Pictured: David Cameron and his cabinet ministers. Just a few months ago another man in Britain, Mark Stephenson, was prosecuted and fined for tearing up a Qur’an at a soccer match. If Mark Stephenson, Julie Phillips and Gemma Parkin had torn and thrown pages of the Bible, would they have been charged? Or have the British authorities simply taken it upon themselves to prosecute violators of Sharia blasphemy laws? Tearing up a Qur’an is a violation of Islamic law, not British law. Will Muslims be charged with “religiously aggravated harassment” in Britain for their repeated claim that Moses and Jesus were Muslim prophets?
In light of the fact that they have charged Stephenson, Phillips and Parkin and banned Pamela Geller and me from entering the country simply for speaking the truth about Islamic jihad terror, it is all the more imperative that they free Mohamed Jamal Miah and every other Muslim who is in prison in the UK immediately for doing something that would be taken for granted as acceptable behavior back home. David Cameron needs to end this Islamophobic inconsistency, get that cross off the flag, and declare Britain a fully Sharia-compliant state forthwith. It’s long overdue.
“Two football fans in court over tearing up of Koran at Blues match,” by Matt Lloyd, Birmingham Mail, May 1, 2014:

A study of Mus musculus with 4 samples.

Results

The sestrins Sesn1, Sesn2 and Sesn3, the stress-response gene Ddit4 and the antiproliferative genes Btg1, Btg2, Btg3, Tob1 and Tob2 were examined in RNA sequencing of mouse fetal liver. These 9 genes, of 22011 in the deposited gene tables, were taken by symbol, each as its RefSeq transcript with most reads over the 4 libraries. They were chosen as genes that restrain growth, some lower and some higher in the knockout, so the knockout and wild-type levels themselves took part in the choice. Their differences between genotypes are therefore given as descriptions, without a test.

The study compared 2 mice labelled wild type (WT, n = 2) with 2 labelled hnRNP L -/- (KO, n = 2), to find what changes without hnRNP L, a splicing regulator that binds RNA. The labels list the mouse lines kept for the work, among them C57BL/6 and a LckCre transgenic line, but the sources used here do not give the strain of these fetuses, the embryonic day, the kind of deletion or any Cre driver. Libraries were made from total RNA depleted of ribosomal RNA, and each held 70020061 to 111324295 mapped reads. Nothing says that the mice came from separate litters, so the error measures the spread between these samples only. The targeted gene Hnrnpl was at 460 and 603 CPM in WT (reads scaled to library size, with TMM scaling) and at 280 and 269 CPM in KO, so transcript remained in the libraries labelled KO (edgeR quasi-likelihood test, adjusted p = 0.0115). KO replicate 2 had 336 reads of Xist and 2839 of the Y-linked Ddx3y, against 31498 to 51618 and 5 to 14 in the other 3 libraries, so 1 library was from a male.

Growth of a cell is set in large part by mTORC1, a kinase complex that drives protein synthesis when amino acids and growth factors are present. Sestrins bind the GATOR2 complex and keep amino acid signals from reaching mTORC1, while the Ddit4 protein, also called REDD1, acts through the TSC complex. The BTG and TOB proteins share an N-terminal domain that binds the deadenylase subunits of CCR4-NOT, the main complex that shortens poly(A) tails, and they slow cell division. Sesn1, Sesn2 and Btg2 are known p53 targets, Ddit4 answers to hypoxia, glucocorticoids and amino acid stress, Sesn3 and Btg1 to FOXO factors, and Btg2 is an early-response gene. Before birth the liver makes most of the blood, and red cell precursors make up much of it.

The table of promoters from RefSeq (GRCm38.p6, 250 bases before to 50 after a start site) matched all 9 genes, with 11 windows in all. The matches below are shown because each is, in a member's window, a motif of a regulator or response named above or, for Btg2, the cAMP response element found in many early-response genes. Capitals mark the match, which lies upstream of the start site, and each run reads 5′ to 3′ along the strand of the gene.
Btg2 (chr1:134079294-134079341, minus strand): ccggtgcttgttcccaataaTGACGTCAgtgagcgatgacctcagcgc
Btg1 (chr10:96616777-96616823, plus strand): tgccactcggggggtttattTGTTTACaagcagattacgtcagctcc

Two women have gone on trial after denying committing religiously aggravated harassment by tearing up a copy of the Koran during a Birmingham City match at St Andrew’s.
Middlesbrough FC fans Julie Phillips, 50, and Gemma Parkin, 18, both say they ripped pages from a book but denied knowing it was the Koran last December.
The pair were at St Andrew’s where Blues drew 2 – 2 with Boro.
The court was told that it was during the second half of the match that stewards saw a book being handed around the away fans and being ripped up.
After enquiries it emerged the book was the Koran.
Parkin, of Kimberley Drive, Middlesbrough, and Phillips, of Kenmore Road, Middlesbrough, were among Boro fans pointed out to police.
They are appearing at Birmingham Magistrates’ Court today (May 1) each facing a charge of religiously aggravated harassment, which they deny.
Giving evidence, match steward Matthew Corns told the court he heard chants about Muslims and the Koran as the book was passed around and torn up on December 7.